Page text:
John Alcock on underfloor heating

UNDERFLOOR heating is a topic I’ve covered in the past. I think it’s a great idea, not least because it’s often more economical to run than traditional alternatives.

There are also benefits in terms of space and the appearance of rooms since you don’t need to fit radiators. However, several recent technical support visits have highlighted the potential pitfalls for flooring contractors when working on properties where an underfloor heating system, (or UFH to use the shorthand version) has been installed.

As the popularity of UFH increases, flooring contractors need to know how to work with it and reduce the risk of problems, as well as manage what is expected of them from above.

One such visit was to a new build project for a local authority in Yorkshire, working to strict deadlines to have the building opened for a certain date.

The UFH had been installed with the screed laid soon after that. Although no problems had so far been encountered, the flooring contractor was being pressured by the main contractor to get the floors finished as soon as possible to meet the deadlines.

However, the relative humidity of the subfloor was still pretty high, and the UFH system was not yet switched on.
The danger here is that leaving the first

‘firing’ of the UFH until after the floors have been finished, and potentially to not under take a proper commissioning process, could mean the floor drying out too quickly and experiencing problems such as cracking of the subfloor and delamination of the finish. Then those involved face the usual discussions as to who is at fault and who should pay to put things right.

So what is the best way to deal with UFH, and how should these systems be commissioned? The latest CFA Guide to Contract Flooring is a great place for sound advice on this subject.

Essentially, making sure any UFH system is properly commissioned is crucial to keeping any problems to a minimum. The commissioning process should start by switching the system on at ambient water temperature for three days. From here, the temperature should be raised by a maximum of 5degC per day until the design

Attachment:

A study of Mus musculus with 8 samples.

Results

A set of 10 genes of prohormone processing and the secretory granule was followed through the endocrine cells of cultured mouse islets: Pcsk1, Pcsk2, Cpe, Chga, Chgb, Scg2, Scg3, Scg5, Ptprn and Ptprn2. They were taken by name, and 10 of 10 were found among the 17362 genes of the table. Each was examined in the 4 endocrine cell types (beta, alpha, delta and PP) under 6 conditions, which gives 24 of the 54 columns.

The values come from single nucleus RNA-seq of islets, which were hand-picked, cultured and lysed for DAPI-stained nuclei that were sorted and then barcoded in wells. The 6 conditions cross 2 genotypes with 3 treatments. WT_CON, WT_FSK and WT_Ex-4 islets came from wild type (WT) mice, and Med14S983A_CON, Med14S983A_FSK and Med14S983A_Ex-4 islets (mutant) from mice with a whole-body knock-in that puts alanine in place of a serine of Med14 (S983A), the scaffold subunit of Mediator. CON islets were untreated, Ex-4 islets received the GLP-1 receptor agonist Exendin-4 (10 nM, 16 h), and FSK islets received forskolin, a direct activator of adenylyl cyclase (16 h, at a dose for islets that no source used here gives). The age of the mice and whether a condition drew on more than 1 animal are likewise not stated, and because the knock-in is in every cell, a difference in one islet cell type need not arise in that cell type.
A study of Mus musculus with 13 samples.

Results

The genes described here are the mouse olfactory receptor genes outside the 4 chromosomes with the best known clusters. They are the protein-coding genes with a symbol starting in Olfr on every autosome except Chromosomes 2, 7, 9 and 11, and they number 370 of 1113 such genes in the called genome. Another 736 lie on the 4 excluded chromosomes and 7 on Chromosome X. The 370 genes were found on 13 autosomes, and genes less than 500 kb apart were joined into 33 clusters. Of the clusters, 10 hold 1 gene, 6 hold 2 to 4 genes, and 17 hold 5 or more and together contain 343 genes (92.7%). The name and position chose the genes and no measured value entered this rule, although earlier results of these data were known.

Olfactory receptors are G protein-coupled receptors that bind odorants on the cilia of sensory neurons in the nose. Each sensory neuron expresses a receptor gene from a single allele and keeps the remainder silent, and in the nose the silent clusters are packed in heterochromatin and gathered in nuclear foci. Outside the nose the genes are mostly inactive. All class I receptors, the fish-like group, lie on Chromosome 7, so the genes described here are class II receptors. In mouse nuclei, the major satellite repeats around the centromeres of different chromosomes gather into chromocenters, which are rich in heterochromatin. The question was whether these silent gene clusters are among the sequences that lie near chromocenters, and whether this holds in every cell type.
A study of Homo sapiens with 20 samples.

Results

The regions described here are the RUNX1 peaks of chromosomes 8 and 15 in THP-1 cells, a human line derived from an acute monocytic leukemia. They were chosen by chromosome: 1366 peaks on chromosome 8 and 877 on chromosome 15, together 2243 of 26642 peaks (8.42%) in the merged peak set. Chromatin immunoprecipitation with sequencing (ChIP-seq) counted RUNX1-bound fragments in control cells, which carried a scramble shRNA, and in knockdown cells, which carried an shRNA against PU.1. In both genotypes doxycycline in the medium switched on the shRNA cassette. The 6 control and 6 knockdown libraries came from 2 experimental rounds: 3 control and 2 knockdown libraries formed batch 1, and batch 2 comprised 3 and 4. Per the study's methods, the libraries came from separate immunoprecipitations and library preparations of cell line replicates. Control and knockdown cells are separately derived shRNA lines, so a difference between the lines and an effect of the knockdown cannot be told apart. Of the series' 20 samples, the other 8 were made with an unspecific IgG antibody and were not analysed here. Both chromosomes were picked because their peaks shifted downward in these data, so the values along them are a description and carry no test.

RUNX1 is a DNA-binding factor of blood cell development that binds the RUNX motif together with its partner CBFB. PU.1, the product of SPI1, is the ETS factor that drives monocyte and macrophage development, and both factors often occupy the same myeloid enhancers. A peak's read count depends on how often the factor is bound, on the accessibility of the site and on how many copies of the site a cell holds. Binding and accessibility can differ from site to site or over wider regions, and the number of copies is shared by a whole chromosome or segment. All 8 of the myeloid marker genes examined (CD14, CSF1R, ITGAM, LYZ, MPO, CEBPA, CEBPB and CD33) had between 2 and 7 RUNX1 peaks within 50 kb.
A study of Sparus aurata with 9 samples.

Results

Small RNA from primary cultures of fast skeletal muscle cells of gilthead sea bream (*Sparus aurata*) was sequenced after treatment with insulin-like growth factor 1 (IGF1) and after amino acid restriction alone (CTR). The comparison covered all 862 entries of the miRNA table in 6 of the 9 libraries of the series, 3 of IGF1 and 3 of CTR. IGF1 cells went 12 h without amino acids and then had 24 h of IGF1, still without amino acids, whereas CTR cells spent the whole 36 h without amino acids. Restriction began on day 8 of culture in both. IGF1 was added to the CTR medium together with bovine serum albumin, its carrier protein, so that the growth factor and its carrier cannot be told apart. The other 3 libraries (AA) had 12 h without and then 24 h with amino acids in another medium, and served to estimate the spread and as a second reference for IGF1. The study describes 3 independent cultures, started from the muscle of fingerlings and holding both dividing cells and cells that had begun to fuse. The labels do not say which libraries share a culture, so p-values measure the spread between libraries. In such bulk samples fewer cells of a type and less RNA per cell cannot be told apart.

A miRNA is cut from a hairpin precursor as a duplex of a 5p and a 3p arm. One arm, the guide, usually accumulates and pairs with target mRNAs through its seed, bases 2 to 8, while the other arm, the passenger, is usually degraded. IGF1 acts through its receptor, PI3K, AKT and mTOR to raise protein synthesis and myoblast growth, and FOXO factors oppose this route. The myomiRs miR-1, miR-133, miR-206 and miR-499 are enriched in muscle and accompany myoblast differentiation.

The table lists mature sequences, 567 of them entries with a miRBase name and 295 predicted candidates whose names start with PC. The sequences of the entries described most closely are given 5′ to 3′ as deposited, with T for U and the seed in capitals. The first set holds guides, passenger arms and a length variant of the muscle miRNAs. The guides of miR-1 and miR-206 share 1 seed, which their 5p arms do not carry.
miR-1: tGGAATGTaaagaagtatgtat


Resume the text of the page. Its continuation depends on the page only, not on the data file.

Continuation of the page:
temperature has been achieved.

After leaving the system running at this level for at least four days, the process should be reversed until the ambient temperature is reached again. From here, the floor can be tested for moisture and the finish fitted.
Clearly, it seems that on some projects this sort of process is difficult to follow properly.

As with the above example, it may be that the flooring contractor is instructed to fit the finish early by the main contractor, or that the UFH may not have been fully installed and set up ready to run before flooring work is scheduled to finish.

So where does that leave the flooring contractor? The main thing is to be aware of the dangers of not commissioning the UFH properly, and to ensure that the main contractor is aware of this too.
It’s important that everyone involved understands the potential problems involved, and that there is clear responsibility should the decision be taken to finish the floor without first properly commissioning the

UFH system.

John Alcock is technical specifications manager at Bostik

www.bostik.com

T: 01785 272727

This article has been reproduced from the Contract Flooring Journal website. You can find them at www.contractflooringjournal.co.uk.